Who is your employee? Is it the person who has a permanent contract with your company and a place on the org chart? The contractor who was just hired on your project team? The temp who is filling in for a colleague on maternity leave? What about the robot that is assembling your products?
In today’s labor market, the notion of tenure, permanency and lifetime employment is gone. Where the traditional career was a linear, upward path, with employees remaining with a company for many years, often a lifetime, nowadays the career of choice resembles a lattice, with employees choosing projects that challenge their skills, working on and off for certain periods of time, and alternating their work life with sabbaticals to study, travel or take care of younger or older relatives.
Employees want to have a say in their work, and wish to design their own jobs, a practice known as job crafting. We also see shorter (3 or 4 day) working weeks, with people spending the other days volunteering at NGO’s, having a second job or getting an education.
We can arrange everything in our lives on demand – eating, entertainment, shopping – but for many of us, work still means being at a fixed location between specific hours.
As the lines between personal and work life become more blurred, the notion of an eight hour working day is also disappearing, because more people work in virtual, global teams and must communicate with colleagues and customers outside of normal business hours and across time zones.
Companies are realizing that if they want to attract people to work, they must accommodate employees’ personal lives and create solutions that fit their individual needs.
It’s also in their own interest to not hire everyone as permanent staff. To remain agile and be able to respond fast to changing circumstances. Companies can use more short-term, flexible forms of labor, such as freelancers, contractors and consultants, as opposed to offering everyone a permanent contract.
This results in a more fluid, more temporary workforce, meaning that the people you work with in your team are less often permanent employees of your companies and people come and go as the needs of the company change. We call this the contingent workforce.
In the end, it comes down to setting up a flexible working environment, where work fits an employee’s lifestyle. It’s about offering a flexible workplace experience with alternative work arrangements that fit someone’s specific needs at certain stages in their life.
One thing though has not changed – as employer you still need to identify the best available talent, and when they work for you. It’s up to you to ensure that people are paid correctly, labor laws are respected and people work within the constraints of local legislation.
– How do you do that, when not all of them are permanent employees on your payroll?
– How do you know which contractors delivered quality work and should be rehired and which ones didn’t? And especially in larger organizations – how do you share that knowledge so other departments don’t rehire a bad performer in future?
– Or, from a financial perspective, how are you alerted to the fact that a contractor bounces around in the organization and works there year-round, so it might be more economical to put her on a permanent contract?
HR needs to integrate these contingent workers and the data about them, into select processes and practices to ensure that they’re fully productive, connected, and factored into strategic planning and analysis. For your permanent staff, you can look up these types of insights in the HR system, both from a cost and quality perspective.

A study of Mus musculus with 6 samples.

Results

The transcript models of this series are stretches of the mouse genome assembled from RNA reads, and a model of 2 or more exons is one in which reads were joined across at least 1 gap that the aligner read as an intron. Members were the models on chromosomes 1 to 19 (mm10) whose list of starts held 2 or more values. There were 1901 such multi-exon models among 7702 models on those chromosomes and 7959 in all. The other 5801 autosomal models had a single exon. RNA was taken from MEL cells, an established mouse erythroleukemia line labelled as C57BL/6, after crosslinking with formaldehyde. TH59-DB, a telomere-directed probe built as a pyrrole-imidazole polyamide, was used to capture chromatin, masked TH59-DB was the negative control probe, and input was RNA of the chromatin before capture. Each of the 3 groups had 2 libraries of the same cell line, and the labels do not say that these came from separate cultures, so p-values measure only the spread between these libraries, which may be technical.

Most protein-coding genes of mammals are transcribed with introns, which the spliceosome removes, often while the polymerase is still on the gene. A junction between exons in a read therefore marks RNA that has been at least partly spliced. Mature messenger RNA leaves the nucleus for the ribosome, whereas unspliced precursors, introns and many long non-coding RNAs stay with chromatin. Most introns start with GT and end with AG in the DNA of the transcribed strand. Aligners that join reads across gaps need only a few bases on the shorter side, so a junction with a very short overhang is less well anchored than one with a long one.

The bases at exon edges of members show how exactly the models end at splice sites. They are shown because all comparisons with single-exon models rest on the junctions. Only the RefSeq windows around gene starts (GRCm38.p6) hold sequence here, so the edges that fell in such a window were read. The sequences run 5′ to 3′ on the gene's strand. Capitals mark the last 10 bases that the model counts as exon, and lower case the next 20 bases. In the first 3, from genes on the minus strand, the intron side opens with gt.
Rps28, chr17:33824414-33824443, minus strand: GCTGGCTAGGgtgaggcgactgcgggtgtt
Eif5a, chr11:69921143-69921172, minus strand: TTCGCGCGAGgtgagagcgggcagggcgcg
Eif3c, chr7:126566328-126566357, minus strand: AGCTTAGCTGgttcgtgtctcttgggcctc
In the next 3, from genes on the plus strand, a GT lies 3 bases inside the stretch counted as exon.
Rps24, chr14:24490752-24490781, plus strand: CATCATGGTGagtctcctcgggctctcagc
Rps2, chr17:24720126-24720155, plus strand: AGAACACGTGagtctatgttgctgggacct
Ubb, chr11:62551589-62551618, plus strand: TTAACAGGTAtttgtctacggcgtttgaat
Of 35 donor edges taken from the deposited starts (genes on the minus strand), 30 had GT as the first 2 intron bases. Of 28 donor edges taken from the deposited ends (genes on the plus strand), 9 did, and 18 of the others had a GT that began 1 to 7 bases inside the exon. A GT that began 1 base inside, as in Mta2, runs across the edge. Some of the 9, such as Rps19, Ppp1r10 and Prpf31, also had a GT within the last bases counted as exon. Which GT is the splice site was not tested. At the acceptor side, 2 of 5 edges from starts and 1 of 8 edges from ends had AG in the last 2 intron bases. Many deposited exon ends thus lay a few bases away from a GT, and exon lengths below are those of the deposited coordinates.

So how do you ensure that you record information properly for people moving in and out of your workforce during the year? Adding them to your HRIS is usually not a good idea, because it can’t capture the right information, especially from the financial angle.
The contingent workforce doesn’t earn a salary, they send you an invoice. They are not on a pension plan, they don’t receive benefits, but you want to be able to rate their performance. So the challenge is to design this in such a way that it provides you with an integrated view on your total workforce, permanent and non-permanent staff included.
New cloud solutions bridge exactly that gap. They unify the records of everyone that works for you as part of the contingent workforce. Contingent workforce management solutions also cover adjacent business processes like procurement, statements of work and contract, project management as well as invoicing and payment.
You can store personal data and receive and pay invoices. You can also record use of company systems, arrange for access badges and other company property to be assigned to them. You can manage all aspects of your contingent workforce including advanced functionality like category-specific supplier management practices and analytics using data modeling and optimization.
All of the above allows a company to properly procure, manage and optimize their flexible global workforces, including contingent labor, services managed through Statements of Work and independent contractors.
Ultimately, having an integrated view on your permanent and non-permanent workforce allows you to analyze what-if scenarios;
– What if you suddenly experience an upswing (or downturn) in demand for goods and services?
– Can you handle that with permanent staff? Is that the most efficient and effective solution?
– What if your preferred temp agency can’t fulfil requests, do you have a second choice available with quality resources that you know will enable you to keep your delivery commitments?
Contingent workforce management systems enable you to pull all workforce data together and provide you with a comprehensive view and understanding of your workforce. In the highly competitive business environment of today, where talent is procured globally, that is not a luxury but a necessity in order to survive and be successful.